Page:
I’d been blogging for a few years when I finally made the leap to a smartphone. I hated the expense, but it since I spend many hours a day waiting for my kids to get done with school and activities, it became a critical part of running the blog.
I also grew to hate my phone. I started with a BlackBerry Tour, which had the sound quit working on it while it was still under warranty. Verizon graciously upgraded my phone for free to the BlackBerry Storm 2, which was a major improvement. At the time, I had an iPod Touch, and was green with envy over the folks who had iPhones. Verizon didn’t have the iPhone yet, and we didn’t have the budget for it anyway.
Fast forward to last December. My husband surprised me with an iPhone 4 for my birthday, and I LOVE it. But now I had this BlackBerry Storm 2 which was becoming more like a paperweight as each day passed. I knew I had to unload it while it still had some value.
I originally thought about trading it in at Verizon Wireless, where I could get a $30 credit on my Verizon Bill.
I also looked at the trade in value at Swagbucks, but they would only give me a maximum of 940 Swagbucks (or, in common terms $10 in Amazon gift cards).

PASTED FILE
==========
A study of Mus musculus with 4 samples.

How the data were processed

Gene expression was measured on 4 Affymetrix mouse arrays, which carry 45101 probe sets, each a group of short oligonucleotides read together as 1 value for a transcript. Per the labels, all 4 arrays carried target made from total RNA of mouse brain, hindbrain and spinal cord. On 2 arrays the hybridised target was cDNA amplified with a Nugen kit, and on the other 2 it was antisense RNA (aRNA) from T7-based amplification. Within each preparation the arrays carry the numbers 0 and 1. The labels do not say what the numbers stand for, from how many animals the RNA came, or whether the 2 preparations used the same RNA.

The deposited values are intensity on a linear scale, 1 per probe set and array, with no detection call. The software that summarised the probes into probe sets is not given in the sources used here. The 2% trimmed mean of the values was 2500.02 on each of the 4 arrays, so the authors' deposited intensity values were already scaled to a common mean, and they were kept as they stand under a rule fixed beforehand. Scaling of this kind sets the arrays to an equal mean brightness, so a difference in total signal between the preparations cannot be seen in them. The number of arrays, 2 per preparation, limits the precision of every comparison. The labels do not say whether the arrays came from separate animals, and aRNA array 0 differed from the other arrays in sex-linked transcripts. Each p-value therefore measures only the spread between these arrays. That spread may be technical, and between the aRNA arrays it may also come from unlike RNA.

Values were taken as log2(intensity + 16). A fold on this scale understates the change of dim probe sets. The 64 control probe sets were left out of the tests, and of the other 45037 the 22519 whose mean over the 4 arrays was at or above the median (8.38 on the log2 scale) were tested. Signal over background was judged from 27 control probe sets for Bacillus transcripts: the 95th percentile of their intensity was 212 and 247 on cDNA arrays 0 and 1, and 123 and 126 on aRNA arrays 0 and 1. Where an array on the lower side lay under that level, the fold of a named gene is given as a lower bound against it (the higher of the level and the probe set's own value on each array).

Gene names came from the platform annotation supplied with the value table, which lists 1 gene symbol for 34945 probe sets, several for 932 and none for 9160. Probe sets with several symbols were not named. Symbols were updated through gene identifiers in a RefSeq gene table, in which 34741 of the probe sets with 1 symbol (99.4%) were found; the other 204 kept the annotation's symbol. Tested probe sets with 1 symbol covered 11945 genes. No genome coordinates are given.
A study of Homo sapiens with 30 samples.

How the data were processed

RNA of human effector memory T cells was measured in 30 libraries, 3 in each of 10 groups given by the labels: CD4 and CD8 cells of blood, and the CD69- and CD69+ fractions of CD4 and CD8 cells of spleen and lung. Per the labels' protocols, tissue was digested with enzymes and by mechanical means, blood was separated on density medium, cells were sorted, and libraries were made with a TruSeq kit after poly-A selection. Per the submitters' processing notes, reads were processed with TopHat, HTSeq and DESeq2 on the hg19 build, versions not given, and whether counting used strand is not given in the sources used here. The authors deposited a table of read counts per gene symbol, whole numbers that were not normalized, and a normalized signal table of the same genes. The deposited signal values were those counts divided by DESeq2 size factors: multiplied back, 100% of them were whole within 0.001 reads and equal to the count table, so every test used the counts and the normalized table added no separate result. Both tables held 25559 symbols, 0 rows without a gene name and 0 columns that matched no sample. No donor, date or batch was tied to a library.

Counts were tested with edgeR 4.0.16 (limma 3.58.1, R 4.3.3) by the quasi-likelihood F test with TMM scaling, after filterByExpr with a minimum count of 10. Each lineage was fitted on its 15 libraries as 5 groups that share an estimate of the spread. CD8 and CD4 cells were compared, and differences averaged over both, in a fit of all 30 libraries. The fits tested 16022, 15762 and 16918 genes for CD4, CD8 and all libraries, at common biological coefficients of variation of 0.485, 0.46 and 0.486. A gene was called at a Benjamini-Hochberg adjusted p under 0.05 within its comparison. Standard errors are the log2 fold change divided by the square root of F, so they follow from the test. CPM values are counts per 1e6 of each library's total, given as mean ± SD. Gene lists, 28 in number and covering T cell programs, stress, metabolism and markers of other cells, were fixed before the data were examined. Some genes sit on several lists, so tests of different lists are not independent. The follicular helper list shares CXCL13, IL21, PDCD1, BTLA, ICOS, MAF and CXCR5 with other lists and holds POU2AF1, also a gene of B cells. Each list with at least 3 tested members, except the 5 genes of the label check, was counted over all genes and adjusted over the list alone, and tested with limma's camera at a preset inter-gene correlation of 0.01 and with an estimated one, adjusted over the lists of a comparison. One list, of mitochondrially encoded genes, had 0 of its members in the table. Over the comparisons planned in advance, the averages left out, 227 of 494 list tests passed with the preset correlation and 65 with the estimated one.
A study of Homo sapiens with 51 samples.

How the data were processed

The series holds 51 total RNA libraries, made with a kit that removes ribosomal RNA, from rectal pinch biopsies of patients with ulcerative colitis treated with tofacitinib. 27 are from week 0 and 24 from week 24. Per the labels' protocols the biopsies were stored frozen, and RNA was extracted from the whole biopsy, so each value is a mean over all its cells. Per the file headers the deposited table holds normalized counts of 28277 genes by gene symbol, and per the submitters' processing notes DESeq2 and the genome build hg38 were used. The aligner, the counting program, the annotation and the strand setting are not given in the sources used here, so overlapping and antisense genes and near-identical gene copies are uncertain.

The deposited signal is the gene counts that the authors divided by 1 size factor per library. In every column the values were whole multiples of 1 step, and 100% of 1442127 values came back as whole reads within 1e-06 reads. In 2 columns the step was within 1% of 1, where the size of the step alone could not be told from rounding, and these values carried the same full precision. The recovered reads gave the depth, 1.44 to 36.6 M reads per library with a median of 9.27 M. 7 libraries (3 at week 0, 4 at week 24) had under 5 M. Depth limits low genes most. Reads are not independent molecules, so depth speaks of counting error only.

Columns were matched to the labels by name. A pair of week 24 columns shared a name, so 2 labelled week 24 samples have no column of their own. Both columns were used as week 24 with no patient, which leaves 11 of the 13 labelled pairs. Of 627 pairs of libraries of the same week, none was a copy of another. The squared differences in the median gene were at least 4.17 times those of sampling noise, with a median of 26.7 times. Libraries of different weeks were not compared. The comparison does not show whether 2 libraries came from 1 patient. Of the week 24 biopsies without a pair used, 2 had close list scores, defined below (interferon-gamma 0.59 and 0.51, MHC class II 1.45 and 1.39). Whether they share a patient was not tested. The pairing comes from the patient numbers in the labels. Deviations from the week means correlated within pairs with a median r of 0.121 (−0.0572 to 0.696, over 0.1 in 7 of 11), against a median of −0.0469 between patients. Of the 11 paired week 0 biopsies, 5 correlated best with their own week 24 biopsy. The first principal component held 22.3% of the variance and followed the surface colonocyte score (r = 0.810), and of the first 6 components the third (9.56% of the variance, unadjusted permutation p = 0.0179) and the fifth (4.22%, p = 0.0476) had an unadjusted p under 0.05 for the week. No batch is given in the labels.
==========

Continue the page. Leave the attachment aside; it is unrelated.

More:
Then I looked at Amazon’s Trade-in program. Amazon said they would give up to $53.25. So I decided to send it there.
I wiped all the data off the phone, removed the battery and cleaned it up. I printed the packing slip and the shipping label. I chose to have the phone shipped back to me if they determined they did not want it, since the shipping is free. I wrapped the phone, battery and accessories in crumpled paper and tucked them and the packing slip into a small box and taped it shut. Then I put the UPS shipping label on it and dropped it at my local UPS drop box.
It was super simple to fill out the form and package my phone to ship, and it didn’t cost me a thing.
About a week later, I received an electronic Amazon gift card for $44.25. Not bad for just a few minutes of my time.
The Amazon trade-in program was so easy to use that I’m looking for other things I can trade-in, like the video games we never play.
Your turn: Have you ever used an electronics trade-in program? What was your experience?